Ship industry urges U.N. to create anti-piracy force

Posted: 09/10/2011 in all marine news

Jonathan Saul –

Shipping industry groups have urged the United Nations to create an armed military force to be deployed on vessels to combat Somali piracy, describing the escalating crisis in the Indian Ocean as being like the “wild West”.

The piracy is costing the world economy billions of dollars a year and international navies have struggled to combat the menace, especially in the Indian Ocean, due to the vast distances involved.

The shipping industry, some of whose members already employ private guards, says better armed and increasingly violent seaborne gangs pose a growing threat to vital sea lanes.

In a letter to U.N. Secretary-General Ban Ki-moon sent last month and published on Friday, the world’s four international shipping associations said hundreds of seafarers were being held hostage and 60 merchant mariners had died already due to piracy.

“It is now abundantly clear to shipping companies that the current situation, whereby control of the Indian Ocean has been ceded to pirates, requires a bold new strategy,” they said.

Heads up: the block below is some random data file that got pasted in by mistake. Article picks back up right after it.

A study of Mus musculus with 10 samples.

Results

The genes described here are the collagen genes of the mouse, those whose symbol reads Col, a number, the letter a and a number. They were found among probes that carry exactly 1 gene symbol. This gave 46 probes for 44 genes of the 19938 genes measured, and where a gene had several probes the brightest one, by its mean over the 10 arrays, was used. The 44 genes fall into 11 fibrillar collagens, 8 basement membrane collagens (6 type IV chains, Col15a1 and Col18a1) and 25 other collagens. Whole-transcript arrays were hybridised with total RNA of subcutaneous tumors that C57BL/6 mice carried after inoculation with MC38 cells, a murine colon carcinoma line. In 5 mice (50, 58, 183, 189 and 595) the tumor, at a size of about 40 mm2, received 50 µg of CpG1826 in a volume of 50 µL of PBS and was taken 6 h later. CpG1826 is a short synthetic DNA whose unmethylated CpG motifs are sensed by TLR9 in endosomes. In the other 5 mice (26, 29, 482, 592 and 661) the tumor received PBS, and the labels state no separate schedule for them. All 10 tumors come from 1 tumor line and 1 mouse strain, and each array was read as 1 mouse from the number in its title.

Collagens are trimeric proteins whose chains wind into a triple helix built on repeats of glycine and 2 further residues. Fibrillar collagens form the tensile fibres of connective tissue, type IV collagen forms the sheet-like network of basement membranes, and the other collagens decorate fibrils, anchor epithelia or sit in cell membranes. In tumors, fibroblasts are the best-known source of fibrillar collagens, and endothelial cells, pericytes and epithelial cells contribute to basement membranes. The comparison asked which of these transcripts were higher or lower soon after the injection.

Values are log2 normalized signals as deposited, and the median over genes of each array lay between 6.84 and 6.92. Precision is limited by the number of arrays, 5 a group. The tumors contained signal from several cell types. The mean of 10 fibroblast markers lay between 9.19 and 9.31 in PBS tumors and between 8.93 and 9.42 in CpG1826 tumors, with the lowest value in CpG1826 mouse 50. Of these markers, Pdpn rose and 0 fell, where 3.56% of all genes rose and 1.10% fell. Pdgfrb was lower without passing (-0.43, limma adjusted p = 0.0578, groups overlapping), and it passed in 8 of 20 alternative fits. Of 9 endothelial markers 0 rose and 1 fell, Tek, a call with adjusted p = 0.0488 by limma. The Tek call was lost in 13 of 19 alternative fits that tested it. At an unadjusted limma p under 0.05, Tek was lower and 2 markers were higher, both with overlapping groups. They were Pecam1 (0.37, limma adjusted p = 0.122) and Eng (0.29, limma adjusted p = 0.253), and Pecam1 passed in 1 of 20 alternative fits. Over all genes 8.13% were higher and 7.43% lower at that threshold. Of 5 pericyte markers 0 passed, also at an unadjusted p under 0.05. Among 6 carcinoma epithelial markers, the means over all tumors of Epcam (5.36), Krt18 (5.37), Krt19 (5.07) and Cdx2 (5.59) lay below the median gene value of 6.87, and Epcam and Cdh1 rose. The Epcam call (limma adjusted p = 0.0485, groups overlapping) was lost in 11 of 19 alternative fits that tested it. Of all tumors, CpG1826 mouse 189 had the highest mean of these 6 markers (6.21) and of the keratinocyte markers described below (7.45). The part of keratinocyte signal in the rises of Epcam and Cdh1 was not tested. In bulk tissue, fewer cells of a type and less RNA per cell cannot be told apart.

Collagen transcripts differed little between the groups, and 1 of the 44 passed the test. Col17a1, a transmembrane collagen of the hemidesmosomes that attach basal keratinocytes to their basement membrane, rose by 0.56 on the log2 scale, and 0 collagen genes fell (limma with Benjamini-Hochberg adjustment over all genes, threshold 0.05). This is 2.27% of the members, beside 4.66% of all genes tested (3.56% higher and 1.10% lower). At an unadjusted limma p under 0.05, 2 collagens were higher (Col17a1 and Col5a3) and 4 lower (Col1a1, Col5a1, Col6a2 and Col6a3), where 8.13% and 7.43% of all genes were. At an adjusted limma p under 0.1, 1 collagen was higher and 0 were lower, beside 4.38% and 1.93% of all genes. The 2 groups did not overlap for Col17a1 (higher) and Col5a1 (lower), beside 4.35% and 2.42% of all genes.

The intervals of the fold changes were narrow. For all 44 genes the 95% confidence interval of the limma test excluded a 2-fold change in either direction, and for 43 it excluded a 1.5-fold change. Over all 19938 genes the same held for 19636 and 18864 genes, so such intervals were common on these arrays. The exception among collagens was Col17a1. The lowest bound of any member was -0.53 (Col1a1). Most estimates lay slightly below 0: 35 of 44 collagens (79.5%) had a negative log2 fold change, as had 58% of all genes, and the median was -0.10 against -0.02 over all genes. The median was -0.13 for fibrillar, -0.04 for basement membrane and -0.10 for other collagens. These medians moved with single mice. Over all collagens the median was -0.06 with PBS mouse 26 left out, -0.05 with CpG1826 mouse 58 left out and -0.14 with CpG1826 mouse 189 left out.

“Rather than meeting their obligations under the U.N. convention on the law of the sea, governments have allowed the Indian Ocean to resemble the ‘wild West’.”

While naval patrols, including vessels from the European Union, the United States and other nations such as South Korea, Iran and Turkey, have curbed the number of attacks in the Gulf of Aden, piracy in the Indian Ocean has continued to rise.

The four associations, the International Chamber of Shipping, BIMCO, Intercargo and INTERTANKO, which represent the majority of the world’s ship owners, said the situation could only be reversed with a different approach to supplement long term development work in Somalia.

“We believe that an important element in this approach would be the establishment of a U.N. force of armed military guards that can be deployed in small numbers onboard merchant ships.”